On June 26, 2013, in a landmark decision hailed as a great victory for gay rights, the United States Supreme Court decided United States v. Windsor, holding that the Federal Defense of Marriage Act was unconstitutional. In doing so, the Supreme Court did not declare that there is a constitutional right to same-sex marriage. Instead, the holding indicates that it is up to the individual states to decide whether such marriages should be allowed.

Facts of the Case

Edith Windsor and Thea Spyer met in New York City in 1963 and began a long-term lesbian relationship. In 1993, they registered as domestic partners. In 2007, they traveled to Canada and were married. Under the laws of the state of New York, their marriage was recognized as valid. In 2009, Spyer died, leaving her entire estate to Windsor.

Under the Federal Defense of Marriage Act passed by Congress in 1996, “marriage” is limited to “a legal union between one man and one woman” and “spouse” refers “only to a person of the opposite sex who is a husband or a wife.” Although DOMA did not forbid states from enacting laws permitting same-sex marriages, its definition of “marriage” and “spouse” applied with regard to interpreting all federal laws and regulations, including the federal tax laws.

Because DOMA denied federal recognition of their valid New York marriage, Windsor did not qualify for the marital estate tax exemption and so she owed $363,053 in estate taxes. Windsor paid the tax and then sought a refund based on her marriage. When the IRS denied the refund, she sued, claiming that DOMA was unconstitutional because it violated equal protection.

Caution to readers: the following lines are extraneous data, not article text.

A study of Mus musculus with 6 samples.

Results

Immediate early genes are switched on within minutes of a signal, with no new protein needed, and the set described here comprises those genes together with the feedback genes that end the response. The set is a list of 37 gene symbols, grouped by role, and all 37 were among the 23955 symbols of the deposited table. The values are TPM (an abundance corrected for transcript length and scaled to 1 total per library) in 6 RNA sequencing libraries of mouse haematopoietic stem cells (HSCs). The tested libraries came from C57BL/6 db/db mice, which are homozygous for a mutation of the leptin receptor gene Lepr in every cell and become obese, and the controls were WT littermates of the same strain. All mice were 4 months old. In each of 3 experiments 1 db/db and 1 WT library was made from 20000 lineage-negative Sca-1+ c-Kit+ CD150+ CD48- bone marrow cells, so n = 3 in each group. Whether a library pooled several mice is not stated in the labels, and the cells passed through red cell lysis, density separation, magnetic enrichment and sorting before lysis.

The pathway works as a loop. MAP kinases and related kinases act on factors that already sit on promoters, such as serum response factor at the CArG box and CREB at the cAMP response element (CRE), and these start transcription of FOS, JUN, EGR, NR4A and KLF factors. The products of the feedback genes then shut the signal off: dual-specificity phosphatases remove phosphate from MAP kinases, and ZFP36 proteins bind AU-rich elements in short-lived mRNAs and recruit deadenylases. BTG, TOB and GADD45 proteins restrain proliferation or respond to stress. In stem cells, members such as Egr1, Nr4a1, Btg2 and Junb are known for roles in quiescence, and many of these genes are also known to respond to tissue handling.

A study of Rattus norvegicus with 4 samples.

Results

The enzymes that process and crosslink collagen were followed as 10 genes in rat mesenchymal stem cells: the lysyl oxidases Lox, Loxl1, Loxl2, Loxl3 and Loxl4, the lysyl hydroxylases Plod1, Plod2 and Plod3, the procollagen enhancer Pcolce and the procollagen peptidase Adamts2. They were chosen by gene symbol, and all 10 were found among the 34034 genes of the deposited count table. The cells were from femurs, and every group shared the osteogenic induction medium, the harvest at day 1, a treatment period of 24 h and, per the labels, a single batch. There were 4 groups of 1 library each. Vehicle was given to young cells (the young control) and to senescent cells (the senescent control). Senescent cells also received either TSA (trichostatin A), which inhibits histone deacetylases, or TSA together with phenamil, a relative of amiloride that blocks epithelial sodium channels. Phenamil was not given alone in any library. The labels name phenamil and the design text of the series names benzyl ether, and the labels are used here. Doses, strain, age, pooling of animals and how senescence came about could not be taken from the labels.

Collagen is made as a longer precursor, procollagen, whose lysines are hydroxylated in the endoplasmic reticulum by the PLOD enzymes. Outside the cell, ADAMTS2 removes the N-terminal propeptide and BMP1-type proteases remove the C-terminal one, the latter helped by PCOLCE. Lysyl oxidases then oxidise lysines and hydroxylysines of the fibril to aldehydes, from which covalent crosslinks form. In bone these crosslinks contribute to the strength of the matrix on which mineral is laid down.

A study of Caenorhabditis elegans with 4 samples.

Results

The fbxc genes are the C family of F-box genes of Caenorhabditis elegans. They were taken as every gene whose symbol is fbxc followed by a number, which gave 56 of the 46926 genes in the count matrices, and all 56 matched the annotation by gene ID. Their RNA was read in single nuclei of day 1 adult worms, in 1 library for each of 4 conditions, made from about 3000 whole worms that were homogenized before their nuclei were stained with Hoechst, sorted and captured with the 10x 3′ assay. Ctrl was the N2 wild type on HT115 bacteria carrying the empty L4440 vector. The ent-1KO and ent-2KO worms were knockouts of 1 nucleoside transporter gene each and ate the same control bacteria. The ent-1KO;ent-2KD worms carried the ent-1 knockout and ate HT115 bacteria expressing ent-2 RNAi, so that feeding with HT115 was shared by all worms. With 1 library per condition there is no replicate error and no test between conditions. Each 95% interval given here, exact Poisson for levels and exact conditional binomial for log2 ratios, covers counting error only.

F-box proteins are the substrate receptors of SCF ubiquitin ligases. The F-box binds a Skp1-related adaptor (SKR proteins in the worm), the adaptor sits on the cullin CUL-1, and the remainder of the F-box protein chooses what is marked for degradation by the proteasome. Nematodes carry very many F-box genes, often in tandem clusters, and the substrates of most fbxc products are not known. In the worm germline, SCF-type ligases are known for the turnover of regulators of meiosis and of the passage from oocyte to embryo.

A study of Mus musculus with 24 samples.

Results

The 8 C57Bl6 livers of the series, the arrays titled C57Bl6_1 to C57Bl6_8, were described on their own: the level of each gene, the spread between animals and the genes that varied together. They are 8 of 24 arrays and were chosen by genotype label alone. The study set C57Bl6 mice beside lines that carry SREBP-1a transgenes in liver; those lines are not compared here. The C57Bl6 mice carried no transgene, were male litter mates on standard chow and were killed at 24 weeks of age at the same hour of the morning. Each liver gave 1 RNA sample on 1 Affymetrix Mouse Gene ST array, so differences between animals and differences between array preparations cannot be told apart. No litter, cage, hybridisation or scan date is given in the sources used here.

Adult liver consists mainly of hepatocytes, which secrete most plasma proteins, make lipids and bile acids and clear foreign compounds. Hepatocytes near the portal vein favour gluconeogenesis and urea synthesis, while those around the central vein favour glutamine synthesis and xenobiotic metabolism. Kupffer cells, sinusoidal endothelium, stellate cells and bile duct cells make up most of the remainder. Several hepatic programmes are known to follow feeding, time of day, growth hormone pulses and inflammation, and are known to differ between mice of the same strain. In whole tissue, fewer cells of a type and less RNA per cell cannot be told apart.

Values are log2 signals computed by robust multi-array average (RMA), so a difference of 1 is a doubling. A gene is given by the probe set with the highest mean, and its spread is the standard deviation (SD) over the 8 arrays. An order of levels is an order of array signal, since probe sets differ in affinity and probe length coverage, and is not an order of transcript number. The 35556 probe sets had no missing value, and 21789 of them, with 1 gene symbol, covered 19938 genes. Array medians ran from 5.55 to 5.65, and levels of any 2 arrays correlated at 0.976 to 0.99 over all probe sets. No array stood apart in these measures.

While the suit was pending, the Obama Administration indicated that it did not intend to defend the constitutionality of DOMA. In response, Congress intervened in the lawsuit to try to uphold DOMA.

The Majority Opinion

In a 5 (Kennedy, Ginsburg, Breyer, Sotomayor and Kagan) to 4 (Roberts, Scalia, Thomas and Alito) decision, the Supreme Court held that DOMA was “unconstitutional as a deprivation of the liberty of the person protected by the Fifth Amendment of the Constitution.”

The Majority began its analysis by explaining that by history and tradition the definition has been treated as being “within the authority and realm of the separate states.” Although certain federal statutes constitutionally regulate the meaning of marriage to further federal policy, DOMA has a far greater reach because it “enacts a directive applicable to over 1,000 federal laws and the whole realm of federal regulations.”

The Majority found that the problem with DOMA was that it used the definitions of “marriage” and “spouse” to impose restrictions and disabilities. The Majority reasoned that DOMA sought to injure the very class that New York sought to protect and, in doing so, it violated basic due process and equal protection principles applicable to the federal government.

In his conclusion, Justice Kennedy reasoned:

DOMA instructs all federal officials, and indeed all persons with whom same-sex couples interact, including their own children, that their marriage is less worthy than the marriages of others. The federal statute is invalid, for no legitimate purpose overcomes the purpose and effect to disparage and to injure those whom the State, by its marriage laws, sought to protect in personhood and dignity. By seeking to displace this protection and treating those persons as living in marriage less respected than others, the federal statute is in violation of the Fifth Amendment.

Nevertheless, in holding that its Opinion only applied to “lawful marriages” as defined by the individual state laws, the Court made it clear that it was not finding that there was a constitutional right to same-sex marriage. Rather, that it was up to each state to decide the issue. Currently, Pennsylvania does not permit same-sex marriage.

Tim Rayne is a partner in the full-service law firm of MacElree Harvey, Ltd. which has 29 attorneys in offices located in Kennett Square and West Chester, PA and Centreville, DE. Tim focuses his law practice in Personal Injury and Civil Litigation law, primarily helping people who have been injured in accidents deal with insurance companies. Tim can be reached at 610.840.0124 or trayne@macelree.com. For more News and Information on Personal Injury law, check out Tim’s website at www.timraynelaw.com.